This view may change. “I want a new name. I’m tired of calling it ‘the old pulp mill.’” – Harbor District Commissioner Mike Wilson
The death of the former Lousiana-Pacific pulp mill was about 45 years in the making. The birth of something new on the site is expected to happen far more quickly. To assist in determining exactly what should rise from the ash fields, the Humboldt Bay Harbor, Recreation and Conservation District – which acquired the mill last August – turned to the community Monday afternoon.
Over 100 residents from Arcata, Eureka and beyond came, saw, mingled, shared thoughts, wrote comments and/or stayed for the presentations offered at the Harbor District’s special open house-economic development committee meeting.
The topic at hand was what to do with the property. Posters detailing the state of the site lined the room. Sticky notes suggesting various options dotted “Innovative Park Uses” boards. Ideas ran the gamut.
Many attendees suggested manufacturing of one sort or another.
“It’s kind of a mess,” Commissioner Greg Dale noted. “The whole thing is unfortunate… but I think for the first time in years, we feel things are moving forward.” Cleaning up the site is the first step, he continued, using it to generate revenue can then follow. “There’s all kind of ideas, from paintball to wrecking ships… I think there’s things out there that can make money, can make jobs, and I think we’re trying as a district to make sure that there’s lots of input, that we get everybody’s thoughts and ideas.”
Humboldt Baykeeper’s Jen Kalt interviews Harbor District Commissioner Greg Dale
Although, Dale added, referencing the dilapidated state of the abandoned structures, “I lean to, of course, a zombie apocalypse theme park.”
Zombies aside, business suggestions include the more serious research, renewable energy, aquaculture, manufacturing, shipping and, most surprisingly, an ethanol distillery. Teisha Mechetti wants to bring her experience working with E85 (a blend of 85 percent ethanol/15 percent gasoline) to the mill site in hopes of providing a “transition” fuel to Humboldt County. After all, jumping from gasoline to non-gasoline is difficult when the majority of people are still driving traditional cars, Mechetti explained. Using E85, she said, still reduces carbon dioxide, lowers smog and volatile organic compounds, and cuts down on greenhouse gases, she said. Her Moonlightning Fuels business plan focuses on using readily available biomass resources locally, thus minimizing use of valuable agricultural land.
Enthusiasm for what could be a nationally recognized marine research, energy and innovation park continued to run high through the afternoon and into the evening.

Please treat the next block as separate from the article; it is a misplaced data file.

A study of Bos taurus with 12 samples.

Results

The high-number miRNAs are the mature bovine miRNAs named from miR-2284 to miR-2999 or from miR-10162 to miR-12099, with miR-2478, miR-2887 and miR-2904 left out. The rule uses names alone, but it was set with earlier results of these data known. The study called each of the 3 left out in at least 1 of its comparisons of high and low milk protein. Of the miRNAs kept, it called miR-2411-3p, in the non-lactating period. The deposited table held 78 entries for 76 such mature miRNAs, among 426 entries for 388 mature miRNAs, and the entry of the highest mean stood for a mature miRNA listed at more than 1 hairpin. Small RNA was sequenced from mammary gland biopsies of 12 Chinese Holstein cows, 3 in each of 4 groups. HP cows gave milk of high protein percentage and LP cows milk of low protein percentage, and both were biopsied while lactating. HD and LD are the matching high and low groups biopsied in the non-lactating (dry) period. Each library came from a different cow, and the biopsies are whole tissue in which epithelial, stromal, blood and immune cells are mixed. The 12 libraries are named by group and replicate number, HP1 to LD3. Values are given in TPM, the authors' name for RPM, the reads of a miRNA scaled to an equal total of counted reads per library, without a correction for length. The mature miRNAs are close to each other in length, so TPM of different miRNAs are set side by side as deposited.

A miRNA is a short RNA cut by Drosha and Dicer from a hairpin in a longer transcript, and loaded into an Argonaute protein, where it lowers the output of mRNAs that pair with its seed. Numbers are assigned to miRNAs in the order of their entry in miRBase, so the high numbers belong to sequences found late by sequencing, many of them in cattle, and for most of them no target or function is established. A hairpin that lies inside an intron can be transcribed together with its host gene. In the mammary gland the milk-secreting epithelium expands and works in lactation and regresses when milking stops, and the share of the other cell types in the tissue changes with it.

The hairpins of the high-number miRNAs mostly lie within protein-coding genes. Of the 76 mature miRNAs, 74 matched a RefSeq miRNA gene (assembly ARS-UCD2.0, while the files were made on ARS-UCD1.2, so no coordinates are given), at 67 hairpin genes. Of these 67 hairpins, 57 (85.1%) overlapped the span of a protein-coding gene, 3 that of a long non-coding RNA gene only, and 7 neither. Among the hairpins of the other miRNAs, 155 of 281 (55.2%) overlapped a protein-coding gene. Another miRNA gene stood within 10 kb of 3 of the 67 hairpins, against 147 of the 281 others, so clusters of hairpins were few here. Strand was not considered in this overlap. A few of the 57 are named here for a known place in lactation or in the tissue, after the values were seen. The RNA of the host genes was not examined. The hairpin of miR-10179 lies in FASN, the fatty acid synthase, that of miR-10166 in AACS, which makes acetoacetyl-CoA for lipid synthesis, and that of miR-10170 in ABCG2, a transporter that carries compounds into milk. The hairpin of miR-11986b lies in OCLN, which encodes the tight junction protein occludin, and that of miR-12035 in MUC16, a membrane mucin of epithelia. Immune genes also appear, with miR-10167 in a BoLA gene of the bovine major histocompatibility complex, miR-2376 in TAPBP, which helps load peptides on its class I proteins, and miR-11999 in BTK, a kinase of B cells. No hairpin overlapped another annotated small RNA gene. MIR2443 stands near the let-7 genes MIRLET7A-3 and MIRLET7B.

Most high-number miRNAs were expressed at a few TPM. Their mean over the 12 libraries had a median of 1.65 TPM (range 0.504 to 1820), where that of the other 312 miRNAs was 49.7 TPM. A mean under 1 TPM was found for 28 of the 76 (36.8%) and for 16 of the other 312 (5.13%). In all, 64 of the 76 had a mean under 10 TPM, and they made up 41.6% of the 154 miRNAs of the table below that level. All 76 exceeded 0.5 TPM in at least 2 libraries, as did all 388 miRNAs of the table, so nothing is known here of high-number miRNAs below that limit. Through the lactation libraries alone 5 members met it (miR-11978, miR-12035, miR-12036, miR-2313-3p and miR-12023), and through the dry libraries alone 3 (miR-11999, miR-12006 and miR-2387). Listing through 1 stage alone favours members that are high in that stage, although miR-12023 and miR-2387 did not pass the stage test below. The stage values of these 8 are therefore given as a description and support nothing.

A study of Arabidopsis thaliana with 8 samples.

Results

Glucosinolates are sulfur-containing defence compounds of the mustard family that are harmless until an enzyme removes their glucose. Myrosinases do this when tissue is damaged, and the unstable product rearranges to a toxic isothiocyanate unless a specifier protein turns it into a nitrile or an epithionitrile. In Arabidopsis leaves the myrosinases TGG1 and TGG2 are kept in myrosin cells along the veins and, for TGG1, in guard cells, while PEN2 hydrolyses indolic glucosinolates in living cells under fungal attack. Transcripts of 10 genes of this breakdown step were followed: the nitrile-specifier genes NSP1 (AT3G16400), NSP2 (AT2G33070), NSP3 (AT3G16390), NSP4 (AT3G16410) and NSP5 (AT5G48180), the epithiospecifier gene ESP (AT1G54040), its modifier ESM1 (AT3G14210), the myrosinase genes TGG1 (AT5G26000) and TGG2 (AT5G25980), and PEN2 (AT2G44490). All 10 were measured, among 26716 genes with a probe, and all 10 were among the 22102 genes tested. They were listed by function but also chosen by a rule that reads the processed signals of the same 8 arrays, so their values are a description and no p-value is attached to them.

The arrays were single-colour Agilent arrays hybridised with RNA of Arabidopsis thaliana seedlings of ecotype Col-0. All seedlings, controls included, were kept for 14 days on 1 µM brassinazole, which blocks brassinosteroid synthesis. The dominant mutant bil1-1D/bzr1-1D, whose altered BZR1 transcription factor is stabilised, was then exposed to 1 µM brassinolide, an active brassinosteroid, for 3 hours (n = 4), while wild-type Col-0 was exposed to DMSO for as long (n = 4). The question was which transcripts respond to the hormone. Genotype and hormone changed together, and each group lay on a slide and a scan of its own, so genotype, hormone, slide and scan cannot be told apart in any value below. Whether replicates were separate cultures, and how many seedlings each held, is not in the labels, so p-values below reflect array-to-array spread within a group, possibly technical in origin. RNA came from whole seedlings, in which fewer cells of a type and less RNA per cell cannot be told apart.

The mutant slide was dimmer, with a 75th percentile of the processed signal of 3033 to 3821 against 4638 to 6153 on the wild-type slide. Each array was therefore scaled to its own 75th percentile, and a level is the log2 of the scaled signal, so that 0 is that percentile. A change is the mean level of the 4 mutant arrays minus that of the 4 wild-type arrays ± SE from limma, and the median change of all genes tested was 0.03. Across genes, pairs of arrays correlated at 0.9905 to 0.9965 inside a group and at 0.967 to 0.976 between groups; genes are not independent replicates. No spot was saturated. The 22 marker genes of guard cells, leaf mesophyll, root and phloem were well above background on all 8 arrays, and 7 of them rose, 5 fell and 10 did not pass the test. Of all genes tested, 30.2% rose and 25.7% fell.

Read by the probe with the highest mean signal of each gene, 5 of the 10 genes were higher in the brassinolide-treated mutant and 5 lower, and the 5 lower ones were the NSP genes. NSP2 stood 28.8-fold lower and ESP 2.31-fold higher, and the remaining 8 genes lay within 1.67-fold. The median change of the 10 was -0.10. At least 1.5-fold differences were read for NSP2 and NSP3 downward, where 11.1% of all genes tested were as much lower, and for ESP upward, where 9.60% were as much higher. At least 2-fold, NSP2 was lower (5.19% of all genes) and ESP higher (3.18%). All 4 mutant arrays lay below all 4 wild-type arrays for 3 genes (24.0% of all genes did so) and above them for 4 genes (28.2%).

Commissioner Richard Marks, a Samoa resident who worked at the pulp mill for 30 years, offered high hopes and a historical viewpoint. “I’m very excited about all the people showing up,” he said. “I’ve seen a lot of ex-pulp mill workers showing up wanting to know what’s going on with the site… The environmentally friendly projects that might come forward are a big move from what it was. As a harbor commissioner – and with my real concern about conservation – I’m glad we have the EPA and the Coast Guard strike force here leading with a cleanup.” The property should be clean “from the ground up” within a year, Marks said, and after that, “We’re going to start addressing the ground-down clean up.” That part is the responsibility of Lousiana-Pacific, the result of the company’s days of using chlorine and the resultant dioxin contamination. He views the Harbor District taking on the former pulp mill site as “the best thing that could have happened.” Otherwise, Marks said, proper cleanup would likely never have been done.
As far as what the new era might bring, “We’re not a timber industry area any more. We need to take advantage of what we do have… And that is aquaculture, aquaponics and whatever else comes forward with these different projects.”
- 1965 The pulp mill begins production under Georgia-Pacific.
- 1989 The mill’s reputation for pollution culminates in a consolidated Environmental Protection Agency/Surfrider Foundation lawsuit against both the L-P mill and the nearby Simpson mill. Together, the mills were discharging 40 million gallons of untreated chlorinated wastewater into the ocean daily. Not only did beachgoers complain of skin and eye irritation, nausea and other illnesses, but traces of dioxin and furan were found in fish and crab caught offshore.
- 1991 Ultimately, the mills settle the suit, agreeing to pay what was then the third-largest EPA fine levied under the Clean Water Act. Following the settlement, Simpson moves operations to Chile, but L-P opts to go chlorine-free, the first pulp mill in the nation to do so.
- 1990s L-P sells the mill to a group of investors and it goes through a series of owners.
- 2005 Lee & Man purchase the mill from Stockton Pacific under the company’s subsidiary Evergreen Pulp, making it the first Chinese-owned mill complex in the U.S.
- 2006 The Environmental Protection Information Center and Californians Against Toxins file suit against Evergreen Pulp over “significant and ongoing violations” of air quality.
- 2007 Evergreen settles, agrees to install air scrubbers.
- 2008 A freshly divested Evergreen Pulp closes the mill.
- 2009 Freshwater Tissue Co. purchases the mill.
- 2010 Freshwater Tissue Co. announces permanent closure.
- August, 2013 The Harbor District acquires the mill.
- November, 2013 EPA and Coast Guard efforts to clean up the site begin.
Further and detailed history can be found on Richard Marks’ blog.
And… oysters! Provided by Humboldt Bay Oyster Co.